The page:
Unconventional St. Louis money manager invests only in mining companies


By Greg Edwards
St. Louis Business Journal
Friday, February 2, 2007


Money manager Wistar Holt, who invests exclusively in companies that mine gold, shakes his head when he talks about his lonely outpost in the St. Louis investment community.

"Gold has been the top-performing sector five of the last six years, yet I don't know anyone else in St. Louis who is even recommending it," he said. "Could you imagine the commotion Wall Street would make if any other sector -- particularly the tech sector -- had that same performance?"

Holt, founder and portfolio manager at Holt & Shapard Capital Management in the Central West End, has been putting his clients in gold stocks since January 2001. He has about 275 clients with $73 million in assets under management.

"Too few people follow gold, too few people recommend it, and too few people own it," he said.

"A lot of people have some gold or inflation protector in their portfolios for the mere fact of diversification," said Jim Moore, a broker at Smith Barney in Clayton. "But Holt probably is the only money manager in St. Louis, and one of the few in the country, who invests only in gold. He's willing to bet it all on one asset class."

A bear and deep-value investor, even during his 21 years with Wall Street firms, Holt, 52, exited traditional investments at the end of 2000 because he feared declines in the market, the dollar and the economy.

"In 1999 and early 2000, when valuations in the market rose to ridiculous levels -- the Nasdaq index was trading at 400 times earnings, 10 times the historical average -- I felt the market was very vulnerable," he said. "I looked for the one asset class that would hedge or protect against a declining market, dollar and economy. The one thing I came up with was gold."

His timing couldn't have been better. Gold, which peaked at $850 an ounce in 1980, was trading at $255 an ounce when he began investing in it in January 2001. "The great irony was that gold had gone through a 20-year bear market; it fit right into my deep-value style," Holt said. "Gold has climbed every year since then." It trades at about $650 an ounce today.

The investment results at Holt & Shapard, which has only three employees, are impressive. Its accounts, which are fee-based and fully discretionary, were up 30 percent in 2001, up 155 percent in 2002, up 20 percent in 2003, down 17 percent in 2004, up 12 percent in 2005 and up 48 percent in 2006. All results are after fees. Since January 2001, the firm's results are up almost 33 percent, compared with 1.3 percent for the S&P 500.

Pete Rothschild, owner of Rothschild Development in St. Louis, has been investing with Holt & Shapard for several years. "Everybody laughs at the gold bugs -- they're supposed to be the guys with the bomb shelters," he said. "But the more you look into the people who are doing it and the reasons they're doing it, the more sense it makes. I've made a lot of money."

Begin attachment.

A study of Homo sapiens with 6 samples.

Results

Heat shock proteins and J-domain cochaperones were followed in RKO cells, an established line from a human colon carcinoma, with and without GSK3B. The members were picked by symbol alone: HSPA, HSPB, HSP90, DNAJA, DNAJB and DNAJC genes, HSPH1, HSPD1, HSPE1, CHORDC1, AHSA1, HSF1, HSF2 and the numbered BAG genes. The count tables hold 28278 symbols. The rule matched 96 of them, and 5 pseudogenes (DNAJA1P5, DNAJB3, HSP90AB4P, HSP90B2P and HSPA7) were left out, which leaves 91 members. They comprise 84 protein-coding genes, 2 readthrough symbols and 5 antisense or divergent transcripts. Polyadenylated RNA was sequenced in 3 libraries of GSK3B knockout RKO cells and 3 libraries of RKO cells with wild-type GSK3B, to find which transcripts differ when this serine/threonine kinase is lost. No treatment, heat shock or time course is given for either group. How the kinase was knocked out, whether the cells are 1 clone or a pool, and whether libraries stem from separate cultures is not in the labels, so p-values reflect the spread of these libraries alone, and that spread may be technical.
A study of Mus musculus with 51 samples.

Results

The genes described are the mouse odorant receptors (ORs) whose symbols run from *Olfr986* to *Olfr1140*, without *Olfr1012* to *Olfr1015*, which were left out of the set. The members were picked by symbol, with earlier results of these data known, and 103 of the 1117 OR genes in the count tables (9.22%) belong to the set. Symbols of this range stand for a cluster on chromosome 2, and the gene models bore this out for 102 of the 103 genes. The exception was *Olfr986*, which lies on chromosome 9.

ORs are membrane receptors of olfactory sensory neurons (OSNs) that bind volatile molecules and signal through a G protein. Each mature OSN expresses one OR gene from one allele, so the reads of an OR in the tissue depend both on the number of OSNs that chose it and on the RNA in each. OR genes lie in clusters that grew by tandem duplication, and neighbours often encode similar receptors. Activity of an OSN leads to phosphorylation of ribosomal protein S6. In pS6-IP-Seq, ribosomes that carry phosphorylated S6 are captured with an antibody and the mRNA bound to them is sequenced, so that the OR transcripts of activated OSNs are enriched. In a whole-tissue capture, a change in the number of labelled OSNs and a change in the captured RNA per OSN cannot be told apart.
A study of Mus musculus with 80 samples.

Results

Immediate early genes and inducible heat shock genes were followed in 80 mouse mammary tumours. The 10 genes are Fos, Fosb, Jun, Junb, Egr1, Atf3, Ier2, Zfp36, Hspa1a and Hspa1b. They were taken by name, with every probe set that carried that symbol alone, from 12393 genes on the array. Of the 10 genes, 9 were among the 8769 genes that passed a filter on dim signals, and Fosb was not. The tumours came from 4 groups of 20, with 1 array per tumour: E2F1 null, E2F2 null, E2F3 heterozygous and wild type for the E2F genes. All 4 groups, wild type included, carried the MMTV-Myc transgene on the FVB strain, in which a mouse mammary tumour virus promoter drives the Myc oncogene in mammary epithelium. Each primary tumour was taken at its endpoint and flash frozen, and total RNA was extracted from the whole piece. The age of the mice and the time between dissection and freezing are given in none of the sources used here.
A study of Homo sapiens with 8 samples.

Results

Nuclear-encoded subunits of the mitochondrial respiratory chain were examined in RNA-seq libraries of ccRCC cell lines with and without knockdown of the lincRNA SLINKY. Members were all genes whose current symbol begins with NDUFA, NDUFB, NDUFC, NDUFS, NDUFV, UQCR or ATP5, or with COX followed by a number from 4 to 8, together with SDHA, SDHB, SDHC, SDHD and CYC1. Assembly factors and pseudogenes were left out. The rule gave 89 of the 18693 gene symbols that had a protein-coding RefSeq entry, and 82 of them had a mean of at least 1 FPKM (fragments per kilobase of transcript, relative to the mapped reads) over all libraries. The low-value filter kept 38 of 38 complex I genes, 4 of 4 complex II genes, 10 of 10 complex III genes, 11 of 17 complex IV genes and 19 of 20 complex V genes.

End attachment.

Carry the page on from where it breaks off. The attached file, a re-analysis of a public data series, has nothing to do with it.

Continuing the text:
Obviously, Holt is passionate about gold: "It has intrinsic value. It's rare, it's limited, and it has existed as a currency for over 5,000 years. It requires a tremendous amount of energy, time, and effort to manufacture or bring to the surface from a mine -- and it's unlike paper money, which is printed daily and endlessly by central banks all over the world."

But, he emphasized, "I'm not a gold bug. We have built these portfolios, which now consist of 100 percent gold and silver mining companies, because that's where the best opportunity is. But when it's time to get out, we will. In time, we may move back entirely into the traditional market."

Holt & Shapard (that's Charles Shapard, who does the firm's marketing) is currently invested in nine Canadian and U.S. mining stocks. More than 40 percent of its investments are in one stock, ECU Silver Inc., a midsize company based in Toronto. Holt bought the stock at 40 cents a share a year ago; it currently is trading at $2.70 a share.

Besides gold and silver, ECU mines copper and zinc, which also are seeing price increases.

Still, doesn't a 40 percent stake make Holt nervous?

"I've put a tremendous amount of research into it," he said. "I've been to the mine in Mexico, and the amount of gold, silver, copper, and zinc in the mine is significant."

And he sees gold skies ahead. "Gold prices will continue to climb, especially as the U.S. continues to run massive budget, trade, and current account deficits," he said. "Nobody knows where it will peak, but I wouldn't be surprised to see the price double from here, triple perhaps, before the bull market ends."

Although gold is not bought aggressively by investors in the United States, it is in many other parts of the world. "India, where they worship gold, consumes 25 percent of the world's annual production," Holt said. "And there is a growing demand for gold in the Middle East and in China, where a little over a year ago residents couldn't even own gold. The same is true in Korea, Turkey, Argentina and Russia. That's what has taken the price up."

As for his lonely outpost, he said there's a reason for that.

"Gold is, by definition, a hedge against the types of assets that Wall Street promotes. Remember, gold is a proxy, it's a fear factor, it's a thermostat," Holt said. "Most brokers, especially retail brokers, follow a cookie-cutter approach. They'd rather sell their traditional assets of stocks and bonds. To sink your feet into this asset class as an adviser, you have to run counter to all the traditional direction that Wall Street has given you."